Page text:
Robert Downey Jr. still hasn’t officially signed on to Avengers 2. Contract negotiations between Downey and Marvel have almost certainly been complicated by the fact that Iron Man 3 has become the fifth highest-grossing movie worldwide in history, with a total foreign gross that’s currently only $100 million less than what Avengers made. (Avengers made much more domestically, though. Clearly, only Americans understand the appeal of evil attacking space-skeletons.)
But there’s at least one person involved with Avengers 2 who thinks, and almost kinda sorta insists, that Downey will be back for the superteam mega-sequel. In an interview with the Daily Beast, Avengers writer-director Joss Whedon said he’s planning to make the film with Downey, and he doesn’t think it’s in anyone’s best interest not to consider a Plan B. Here’s the quote:
He is Iron Man. He is Iron Man in the way that Sean Connery was James Bond. I have no intention of making Avengers 2 without him, nor do I think I’ll be called upon to do that. I don’t think it’s in my interest, Marvel’s interest, or his interest, and I think everything will be fine. But I know that this is Hollywood and you roll with things. You have to be ready for the unexpected. But I loved working with Robert, and everybody knows he embodied that role in a way no one else can.
This seems like a fairly strong endorsement from Whedon, although it’s worth digging into a couple passages to tease out their hidden meaning:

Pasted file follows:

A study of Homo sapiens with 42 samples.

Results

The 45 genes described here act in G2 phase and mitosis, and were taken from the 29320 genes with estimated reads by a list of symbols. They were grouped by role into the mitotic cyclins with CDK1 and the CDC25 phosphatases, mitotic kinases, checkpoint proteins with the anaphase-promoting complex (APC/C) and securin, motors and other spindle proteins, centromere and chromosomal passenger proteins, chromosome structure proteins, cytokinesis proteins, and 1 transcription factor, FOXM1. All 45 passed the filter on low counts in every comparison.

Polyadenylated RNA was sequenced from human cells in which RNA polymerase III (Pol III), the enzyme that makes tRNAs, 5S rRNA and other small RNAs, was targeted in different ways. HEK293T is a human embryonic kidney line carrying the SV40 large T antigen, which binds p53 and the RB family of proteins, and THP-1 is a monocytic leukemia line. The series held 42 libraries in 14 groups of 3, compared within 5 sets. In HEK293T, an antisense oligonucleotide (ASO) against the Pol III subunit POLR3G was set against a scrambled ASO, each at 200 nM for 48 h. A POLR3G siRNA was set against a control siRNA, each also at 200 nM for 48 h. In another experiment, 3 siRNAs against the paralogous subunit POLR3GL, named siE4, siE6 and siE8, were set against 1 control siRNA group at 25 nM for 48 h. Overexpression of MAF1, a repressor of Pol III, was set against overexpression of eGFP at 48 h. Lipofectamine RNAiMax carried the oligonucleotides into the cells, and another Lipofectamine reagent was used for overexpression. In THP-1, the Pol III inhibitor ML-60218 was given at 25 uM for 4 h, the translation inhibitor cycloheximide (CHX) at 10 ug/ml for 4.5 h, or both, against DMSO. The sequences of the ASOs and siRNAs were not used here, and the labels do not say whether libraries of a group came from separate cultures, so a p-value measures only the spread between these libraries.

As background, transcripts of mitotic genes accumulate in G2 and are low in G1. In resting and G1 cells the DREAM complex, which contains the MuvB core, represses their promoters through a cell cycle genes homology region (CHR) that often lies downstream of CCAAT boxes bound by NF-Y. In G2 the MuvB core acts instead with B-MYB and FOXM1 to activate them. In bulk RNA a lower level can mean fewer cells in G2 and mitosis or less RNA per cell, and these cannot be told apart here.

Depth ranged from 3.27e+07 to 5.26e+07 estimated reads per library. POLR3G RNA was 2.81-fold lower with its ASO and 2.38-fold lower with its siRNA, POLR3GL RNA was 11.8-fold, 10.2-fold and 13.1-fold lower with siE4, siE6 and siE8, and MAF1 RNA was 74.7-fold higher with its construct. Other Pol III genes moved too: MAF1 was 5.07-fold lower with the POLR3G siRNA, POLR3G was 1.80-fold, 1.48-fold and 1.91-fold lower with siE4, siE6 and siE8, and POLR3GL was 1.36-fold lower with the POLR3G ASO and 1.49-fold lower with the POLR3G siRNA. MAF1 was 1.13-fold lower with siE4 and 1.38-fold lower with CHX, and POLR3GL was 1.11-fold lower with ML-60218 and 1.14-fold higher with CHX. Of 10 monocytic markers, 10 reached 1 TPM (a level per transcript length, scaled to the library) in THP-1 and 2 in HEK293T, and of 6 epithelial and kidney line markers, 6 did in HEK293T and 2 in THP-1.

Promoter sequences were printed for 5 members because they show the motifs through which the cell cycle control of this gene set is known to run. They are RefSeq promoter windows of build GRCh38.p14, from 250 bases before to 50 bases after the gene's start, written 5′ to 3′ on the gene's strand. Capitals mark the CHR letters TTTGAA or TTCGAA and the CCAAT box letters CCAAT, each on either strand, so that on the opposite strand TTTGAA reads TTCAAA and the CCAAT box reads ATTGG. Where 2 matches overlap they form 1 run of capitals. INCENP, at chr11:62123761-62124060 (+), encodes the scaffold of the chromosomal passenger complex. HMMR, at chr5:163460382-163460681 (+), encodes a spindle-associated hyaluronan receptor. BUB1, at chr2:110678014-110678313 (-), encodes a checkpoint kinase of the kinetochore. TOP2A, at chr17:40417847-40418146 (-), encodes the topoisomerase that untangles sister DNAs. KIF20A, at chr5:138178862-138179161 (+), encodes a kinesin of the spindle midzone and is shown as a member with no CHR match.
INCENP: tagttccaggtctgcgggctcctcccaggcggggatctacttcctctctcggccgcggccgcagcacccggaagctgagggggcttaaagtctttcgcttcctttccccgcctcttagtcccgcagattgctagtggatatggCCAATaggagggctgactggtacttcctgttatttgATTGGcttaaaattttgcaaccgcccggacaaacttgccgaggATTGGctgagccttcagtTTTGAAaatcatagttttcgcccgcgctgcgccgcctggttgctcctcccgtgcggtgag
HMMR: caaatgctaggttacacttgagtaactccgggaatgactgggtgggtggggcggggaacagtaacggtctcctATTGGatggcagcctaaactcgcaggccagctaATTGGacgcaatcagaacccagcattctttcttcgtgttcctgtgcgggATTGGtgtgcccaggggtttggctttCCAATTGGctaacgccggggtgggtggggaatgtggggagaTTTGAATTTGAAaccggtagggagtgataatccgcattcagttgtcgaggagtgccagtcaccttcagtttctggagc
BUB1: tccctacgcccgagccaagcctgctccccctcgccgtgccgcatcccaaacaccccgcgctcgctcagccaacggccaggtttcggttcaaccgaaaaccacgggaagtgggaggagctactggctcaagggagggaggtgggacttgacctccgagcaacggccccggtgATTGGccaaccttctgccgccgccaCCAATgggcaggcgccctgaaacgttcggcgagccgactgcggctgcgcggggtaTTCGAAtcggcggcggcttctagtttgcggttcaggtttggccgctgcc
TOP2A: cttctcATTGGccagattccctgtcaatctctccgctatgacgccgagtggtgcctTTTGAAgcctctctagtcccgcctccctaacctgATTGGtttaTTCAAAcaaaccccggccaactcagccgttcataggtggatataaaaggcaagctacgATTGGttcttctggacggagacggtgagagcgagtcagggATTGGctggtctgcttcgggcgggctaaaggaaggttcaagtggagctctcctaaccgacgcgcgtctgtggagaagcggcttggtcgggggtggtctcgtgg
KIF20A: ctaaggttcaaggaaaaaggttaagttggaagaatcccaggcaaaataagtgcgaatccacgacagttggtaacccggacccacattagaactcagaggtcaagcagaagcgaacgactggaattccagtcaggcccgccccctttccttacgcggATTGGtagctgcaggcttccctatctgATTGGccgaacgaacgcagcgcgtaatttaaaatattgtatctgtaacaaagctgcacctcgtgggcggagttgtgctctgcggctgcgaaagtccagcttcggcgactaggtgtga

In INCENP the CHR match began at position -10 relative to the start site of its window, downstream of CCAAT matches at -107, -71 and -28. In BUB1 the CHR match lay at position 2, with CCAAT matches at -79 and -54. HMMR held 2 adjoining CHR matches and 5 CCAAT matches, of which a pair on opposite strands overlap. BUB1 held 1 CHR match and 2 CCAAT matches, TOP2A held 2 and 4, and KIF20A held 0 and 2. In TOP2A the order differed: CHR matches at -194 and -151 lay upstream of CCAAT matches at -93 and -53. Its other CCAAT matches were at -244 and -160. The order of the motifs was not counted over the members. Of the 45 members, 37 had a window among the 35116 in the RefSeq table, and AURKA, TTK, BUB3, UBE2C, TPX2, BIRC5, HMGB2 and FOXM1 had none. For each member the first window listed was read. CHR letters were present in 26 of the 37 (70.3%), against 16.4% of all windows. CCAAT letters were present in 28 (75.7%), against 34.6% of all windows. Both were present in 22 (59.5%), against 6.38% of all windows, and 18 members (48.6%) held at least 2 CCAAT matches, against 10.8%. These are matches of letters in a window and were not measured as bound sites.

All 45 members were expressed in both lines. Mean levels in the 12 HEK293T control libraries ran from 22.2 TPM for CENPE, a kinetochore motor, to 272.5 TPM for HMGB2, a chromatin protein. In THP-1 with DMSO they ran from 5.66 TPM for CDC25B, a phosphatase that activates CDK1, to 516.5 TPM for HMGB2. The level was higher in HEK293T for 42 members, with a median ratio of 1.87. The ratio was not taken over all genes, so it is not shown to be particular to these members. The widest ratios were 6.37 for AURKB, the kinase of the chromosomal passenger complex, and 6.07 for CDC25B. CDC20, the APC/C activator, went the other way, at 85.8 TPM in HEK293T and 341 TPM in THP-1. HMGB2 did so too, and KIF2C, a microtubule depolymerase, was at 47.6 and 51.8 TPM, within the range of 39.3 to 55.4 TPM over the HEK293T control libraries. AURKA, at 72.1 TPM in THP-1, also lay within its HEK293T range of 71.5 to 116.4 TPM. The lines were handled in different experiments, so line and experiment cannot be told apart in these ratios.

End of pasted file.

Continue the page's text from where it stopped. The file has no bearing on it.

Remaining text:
“He is Iron Man in the way that Sean Connery was James Bond.” This could be read two different ways: “He is the defining actor for that character and no one will ever be any better,” or “Marvel has a metaphorical Roger Moore on speed-dial.” Or both.
“I know that this is Hollywood and you roll with things.” Or, put another way, “It’s really not up to me. Also, did you know that I once made an entire Shakespeare movie at my house with my pals in under two weeks? I’m kind of the roll-with-things king.”
It’s actually possible to read Whedon’s statement as a pointed broadside to both Marvel and to Downey. Both parties stand to make a lot of money from a Downey-powered Avengers 2; in turn, both parties stand to lose some audience goodwill if they can’t broker a deal. But it also seems likely that Whedon, as an insider, is just attempting to calm down the internet buzz around Downey’s deal. “I think everything will be fine,” he says. Yeesh, the guy hasn’t even finished writing Avengers 2 yet. Anyhow, there are more important things to worry about. Like: How many different young actors will play Quicksilver?